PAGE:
The rogue deer that jumped through the window of a Kaplan classroom Thursday, Oct 17. (Photo by Rebecca Gordils)

by Stephen Bloshuk

Around 1:00 p.m. on Thursday, Oct 17, one of Professor Glenn Reynolds’ classes was interrupted—not by a late student, but by the four-point buck that crashed through a window of the Kaplan Hall Annex. The window was completely shattered, giving two students minor injuries; one was struck by the unexpected guest as it came through the window and the other’s foot was cut by the broken glass.

These two students were taken to Health Services and the rest of the classroom was quickly cleared. Reynolds’ first move was to turn to Mr. Patrick Arnold, Assistant Director of Security and Safety, and tell him about this surprising incident.

Because he did not see exactly what had shattered the window, Reynolds thought that “someone had thrown a Molotov cocktail,” and was “not sure what to say to [his] students— ‘get down’ or ‘get out of the room.’”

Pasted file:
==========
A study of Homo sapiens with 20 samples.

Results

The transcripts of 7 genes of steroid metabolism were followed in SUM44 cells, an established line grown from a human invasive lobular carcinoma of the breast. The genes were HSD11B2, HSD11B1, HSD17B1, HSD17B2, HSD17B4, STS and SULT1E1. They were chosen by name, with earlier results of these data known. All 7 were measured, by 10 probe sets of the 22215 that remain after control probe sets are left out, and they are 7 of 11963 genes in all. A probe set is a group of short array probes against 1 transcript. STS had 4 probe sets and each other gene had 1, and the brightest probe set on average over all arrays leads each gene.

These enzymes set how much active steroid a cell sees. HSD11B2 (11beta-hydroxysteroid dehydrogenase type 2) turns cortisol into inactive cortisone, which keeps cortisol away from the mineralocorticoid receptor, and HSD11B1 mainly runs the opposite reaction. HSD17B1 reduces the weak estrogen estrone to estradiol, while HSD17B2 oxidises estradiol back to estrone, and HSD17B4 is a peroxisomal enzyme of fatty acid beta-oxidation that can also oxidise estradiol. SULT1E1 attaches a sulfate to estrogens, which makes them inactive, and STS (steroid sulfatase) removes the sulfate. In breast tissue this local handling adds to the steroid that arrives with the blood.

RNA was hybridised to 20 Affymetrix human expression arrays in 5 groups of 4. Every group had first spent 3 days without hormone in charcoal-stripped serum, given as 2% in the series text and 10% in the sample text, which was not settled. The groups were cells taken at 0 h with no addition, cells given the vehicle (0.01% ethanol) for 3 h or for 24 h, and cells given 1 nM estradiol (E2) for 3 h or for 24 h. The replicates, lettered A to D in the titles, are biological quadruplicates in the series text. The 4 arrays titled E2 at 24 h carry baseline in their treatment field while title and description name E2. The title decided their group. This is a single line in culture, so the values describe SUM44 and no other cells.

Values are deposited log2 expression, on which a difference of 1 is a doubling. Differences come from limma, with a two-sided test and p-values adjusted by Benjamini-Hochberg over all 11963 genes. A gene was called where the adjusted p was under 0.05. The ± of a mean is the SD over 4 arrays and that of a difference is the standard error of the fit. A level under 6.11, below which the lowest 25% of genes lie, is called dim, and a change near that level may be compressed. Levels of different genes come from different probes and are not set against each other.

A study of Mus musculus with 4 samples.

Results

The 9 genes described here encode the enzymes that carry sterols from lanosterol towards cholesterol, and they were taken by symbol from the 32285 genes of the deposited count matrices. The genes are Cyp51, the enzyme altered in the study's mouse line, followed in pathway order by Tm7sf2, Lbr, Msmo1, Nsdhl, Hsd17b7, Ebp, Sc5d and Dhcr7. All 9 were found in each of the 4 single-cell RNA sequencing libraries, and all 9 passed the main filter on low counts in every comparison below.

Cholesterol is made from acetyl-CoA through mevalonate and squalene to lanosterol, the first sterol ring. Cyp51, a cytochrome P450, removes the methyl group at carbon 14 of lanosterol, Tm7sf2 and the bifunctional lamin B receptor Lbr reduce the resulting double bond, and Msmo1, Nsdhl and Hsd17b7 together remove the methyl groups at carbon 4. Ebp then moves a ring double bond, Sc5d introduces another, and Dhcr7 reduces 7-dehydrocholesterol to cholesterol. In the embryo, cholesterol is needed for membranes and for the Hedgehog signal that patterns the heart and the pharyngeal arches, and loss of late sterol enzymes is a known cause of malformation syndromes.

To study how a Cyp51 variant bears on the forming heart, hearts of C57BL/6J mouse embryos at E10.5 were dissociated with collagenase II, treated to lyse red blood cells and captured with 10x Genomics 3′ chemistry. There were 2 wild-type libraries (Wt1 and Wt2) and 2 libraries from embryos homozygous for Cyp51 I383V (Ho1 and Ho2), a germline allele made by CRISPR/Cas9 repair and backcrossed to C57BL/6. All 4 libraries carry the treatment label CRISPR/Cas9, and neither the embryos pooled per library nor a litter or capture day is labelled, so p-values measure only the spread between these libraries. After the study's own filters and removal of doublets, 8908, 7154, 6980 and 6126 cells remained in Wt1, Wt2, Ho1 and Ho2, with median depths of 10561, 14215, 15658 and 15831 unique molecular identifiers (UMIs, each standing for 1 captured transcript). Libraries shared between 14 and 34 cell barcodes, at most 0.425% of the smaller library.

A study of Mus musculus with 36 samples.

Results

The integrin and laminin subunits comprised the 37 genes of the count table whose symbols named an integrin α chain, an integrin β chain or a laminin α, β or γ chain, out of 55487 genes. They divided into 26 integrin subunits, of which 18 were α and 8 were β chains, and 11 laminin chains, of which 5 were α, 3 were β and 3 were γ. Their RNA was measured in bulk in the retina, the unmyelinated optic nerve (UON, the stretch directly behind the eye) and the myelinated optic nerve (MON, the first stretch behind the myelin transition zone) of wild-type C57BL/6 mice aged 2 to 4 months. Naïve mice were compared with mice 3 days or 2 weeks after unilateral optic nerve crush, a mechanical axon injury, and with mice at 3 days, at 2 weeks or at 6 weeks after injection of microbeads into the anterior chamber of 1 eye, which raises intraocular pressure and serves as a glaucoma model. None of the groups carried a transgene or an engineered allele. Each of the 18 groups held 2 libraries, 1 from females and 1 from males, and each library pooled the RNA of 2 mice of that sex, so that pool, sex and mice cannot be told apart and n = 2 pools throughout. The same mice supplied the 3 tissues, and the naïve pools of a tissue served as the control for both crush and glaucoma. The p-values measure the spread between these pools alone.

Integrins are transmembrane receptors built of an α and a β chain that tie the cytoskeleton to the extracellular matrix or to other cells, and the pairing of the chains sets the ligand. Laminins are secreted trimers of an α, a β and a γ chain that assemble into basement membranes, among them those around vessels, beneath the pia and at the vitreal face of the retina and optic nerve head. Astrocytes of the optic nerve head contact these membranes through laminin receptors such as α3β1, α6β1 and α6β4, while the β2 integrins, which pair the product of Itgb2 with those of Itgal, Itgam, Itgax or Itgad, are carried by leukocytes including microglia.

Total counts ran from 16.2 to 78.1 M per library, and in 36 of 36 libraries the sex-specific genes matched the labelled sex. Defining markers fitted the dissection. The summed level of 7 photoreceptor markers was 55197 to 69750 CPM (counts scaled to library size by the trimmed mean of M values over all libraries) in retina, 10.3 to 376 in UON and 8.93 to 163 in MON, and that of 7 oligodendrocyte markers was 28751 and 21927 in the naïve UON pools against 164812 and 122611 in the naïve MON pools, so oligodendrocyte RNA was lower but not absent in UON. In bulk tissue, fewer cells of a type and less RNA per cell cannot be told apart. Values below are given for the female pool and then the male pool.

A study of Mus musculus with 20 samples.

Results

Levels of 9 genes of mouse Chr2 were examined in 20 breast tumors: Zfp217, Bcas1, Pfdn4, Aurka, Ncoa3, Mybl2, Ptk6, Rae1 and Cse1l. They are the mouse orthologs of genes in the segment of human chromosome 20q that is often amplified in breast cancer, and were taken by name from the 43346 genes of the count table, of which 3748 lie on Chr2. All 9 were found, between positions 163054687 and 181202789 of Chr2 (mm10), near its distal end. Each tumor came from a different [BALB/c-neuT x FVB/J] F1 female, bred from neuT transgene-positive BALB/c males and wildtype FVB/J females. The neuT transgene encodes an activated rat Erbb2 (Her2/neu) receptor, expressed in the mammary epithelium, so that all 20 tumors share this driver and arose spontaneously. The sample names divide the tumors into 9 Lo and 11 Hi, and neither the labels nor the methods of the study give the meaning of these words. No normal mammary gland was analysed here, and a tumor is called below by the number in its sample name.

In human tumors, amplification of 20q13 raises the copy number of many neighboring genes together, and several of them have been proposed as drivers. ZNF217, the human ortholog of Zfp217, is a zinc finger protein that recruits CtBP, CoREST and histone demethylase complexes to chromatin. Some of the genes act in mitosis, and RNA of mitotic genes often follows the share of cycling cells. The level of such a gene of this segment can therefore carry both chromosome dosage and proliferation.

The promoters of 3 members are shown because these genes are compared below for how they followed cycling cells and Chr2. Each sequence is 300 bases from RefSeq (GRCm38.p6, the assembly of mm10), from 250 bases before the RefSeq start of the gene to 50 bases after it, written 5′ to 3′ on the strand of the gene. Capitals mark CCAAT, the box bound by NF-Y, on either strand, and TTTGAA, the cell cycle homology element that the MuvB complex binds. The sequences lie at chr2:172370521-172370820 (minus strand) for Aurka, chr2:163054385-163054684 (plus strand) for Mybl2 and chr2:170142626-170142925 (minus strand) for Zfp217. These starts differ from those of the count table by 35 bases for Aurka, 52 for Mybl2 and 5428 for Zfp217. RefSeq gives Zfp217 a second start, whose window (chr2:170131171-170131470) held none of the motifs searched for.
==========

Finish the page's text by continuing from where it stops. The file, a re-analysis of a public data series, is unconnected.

The buck landed a few feet from the window, shocking the entire class. Just as Professor Reynolds saw it, a student yelled out, “There’s a deer in the room!” Ironically, this relieved the professor, and clarified his plan of action.

In an interview, Arnold said that Reynolds “did a great job handling this incident.” Once security arrived on the scene, they attempted to remove the deer from the classroom.

The deer, which was injured by its jump through the window, was clearly confused and afraid, and moved neither through the path that security personnel cleared for him, nor through the side door of Kaplan Hall, which had been opened for its exit. According to Arnold, the deer “was trying to escape through the intact windows, but was unable to actually do so.”

After a few minutes, the deer became exhausted, and Animal Control was called. Because nobody at Animal Control was available at this time, the Newburgh Police Department was called instead. The deer died from exhaustion before the police arrived.

The window that shattered during this incident was repaired this past Friday, October 25. Reynolds was given a memento of the incident at a general faculty meeting—a stuffed deer, which he has since given to his daughters.

“When this was happening, I didn’t care that the room was being damaged, I only cared about my students,” Reynolds said. “As a teacher, you are the captain of the ship; you have to be the last line of defense.”